Timeshare Pros and Cons

Timeshare Pros and Cons
Rick Adams

Timeshares can be great, but there are some things that you should know before you buy one. As with anything else, there are lots of pros and cons when it comes to investing in a timeshare. Take a look at these tips, and then decide if the timeshare life is right for you.


Pay for What You Use
With a timeshare, you only pay for the amount of time that you are actually going to spend at your timeshare. Unlike a condo, you don’t have to pay for the time that you aren’t there. This is the number one reason why timeshares are attractive alternatives to vacation condominiums.

Family Vacations Become Easier
When you have a guaranteed vacation spot lined up for your family, there’s no need to worry about accommodations or destinations. Just look at where you can go, be it in the Bahamas or Las Vegas and you’re all set.

Potential Revenue Income
If you rent your timeshare during, well, your shared time, then you may be able to earn some extra income. Just make sure that your particular timeshare will allow a sublet.

Exchange Possibilities
When you own a timeshare, you can exchange your timeshare with another timeshare owner in a different town, country, or city. The beauty of a timeshare program is that you can easily trade timeshares with another person if you want a change of scenery.


The Dark Side
Many timeshare sales are done through pressure sales. Timeshare companies have automated messages that randomly call people and tell them that they get freebies such as a free stay at a hotel in Orlando or free tickets to a Disney theme park for the day, and all they have to do is sit and listen to a presentation about how great timeshares are. They have an answer for every possible doubt you may have such as “I may want to vacation somewhere else next year” for which they’ll probably tell you how they have timeshares all over the world so you have nothing to worry about. However, if you ask them about all of those “Timeshares for sale” and “Timeshare liquidation” signs you see all over the place, they’ll brush it off as not their area to comment on.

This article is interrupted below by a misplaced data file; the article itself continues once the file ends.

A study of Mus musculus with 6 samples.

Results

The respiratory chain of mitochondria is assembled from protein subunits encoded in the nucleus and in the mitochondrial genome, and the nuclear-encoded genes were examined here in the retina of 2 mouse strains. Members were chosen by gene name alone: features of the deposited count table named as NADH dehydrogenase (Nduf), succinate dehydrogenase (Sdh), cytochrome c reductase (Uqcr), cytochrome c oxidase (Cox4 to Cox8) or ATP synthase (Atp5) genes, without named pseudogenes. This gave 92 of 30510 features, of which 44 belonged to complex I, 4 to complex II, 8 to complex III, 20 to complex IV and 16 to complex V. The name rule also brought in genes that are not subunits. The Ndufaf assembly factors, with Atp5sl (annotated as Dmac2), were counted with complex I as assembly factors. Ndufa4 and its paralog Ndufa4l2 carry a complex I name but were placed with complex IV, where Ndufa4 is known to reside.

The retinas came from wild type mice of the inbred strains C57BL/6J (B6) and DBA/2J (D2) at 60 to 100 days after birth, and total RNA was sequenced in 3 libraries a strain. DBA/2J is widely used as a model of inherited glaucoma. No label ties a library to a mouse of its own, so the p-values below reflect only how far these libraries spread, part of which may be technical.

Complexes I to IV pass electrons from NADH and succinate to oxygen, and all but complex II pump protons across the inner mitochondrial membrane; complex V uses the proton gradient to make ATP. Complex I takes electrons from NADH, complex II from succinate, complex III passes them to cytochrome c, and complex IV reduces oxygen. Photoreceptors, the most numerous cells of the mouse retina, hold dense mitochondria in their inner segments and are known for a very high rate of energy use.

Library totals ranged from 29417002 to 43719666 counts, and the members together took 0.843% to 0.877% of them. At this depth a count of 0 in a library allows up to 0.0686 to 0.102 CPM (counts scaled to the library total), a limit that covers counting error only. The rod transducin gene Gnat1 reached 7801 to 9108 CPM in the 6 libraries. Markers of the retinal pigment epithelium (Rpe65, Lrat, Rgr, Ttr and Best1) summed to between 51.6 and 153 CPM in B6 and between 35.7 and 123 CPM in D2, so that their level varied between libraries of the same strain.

I don’t know about you but when I’m on vacation, I’d rather spend it doing something and not sitting through hours of a presentation and then getting pressured and more pressure to buy until they finally realize that I’m not interested and give me the tickets or whatever they promised. Don’t kid yourself – I know people who took money out of their savings just because they were pressured to buy a timeshare while on vacation.

How do you stay reasonable and not succomb to the pressure? Just consider what you would do with the money if you didn’t spend it on a whim. You would save and put it toward something you really needed it for. Keep in mind that timeshare financing and ownership may not be what you had in mind when you went on vacation.

In any case, I’m not saying timeshares are bad idea. I just hate the extreme pressure sale. If the timeshare lifestyle is for you, then you should consider it.

Lots of Fees
Even though you don’t have to maintain your timeshare property, you will have to pay maintenance fees. Aside from this yearly payment, you’ll also be dealing with a yearly maintenance fee increase – sometimes up to 4% per year.

No Value Guarantee
When the market drops (as it is known to do), you may be left with a timeshare that isn’t worth as much as you paid for it. When this happens, you will lose significant amounts of money.

When you buy a timeshare, you will have to sign a contract. In most cases, timeshare contracts lock owners into timeshares for two or more years. This means that you won’t be able to shake your timeshare easily.

Vacation Negotiation
Sharing a property means, well, sharing. Thus, you’ll have to negotiate with the other timeshare owners regarding vacation times. You may want to stay at your timeshare in Florida during the winter months, but your fellow timeshare owners may want the same thing. In short, you’ll have to learn to compromise.


Before you buy any timeshare, make sure you know what you are getting into. Read the fine print, pay attention to gimmicks, and take the above list with you when you shop.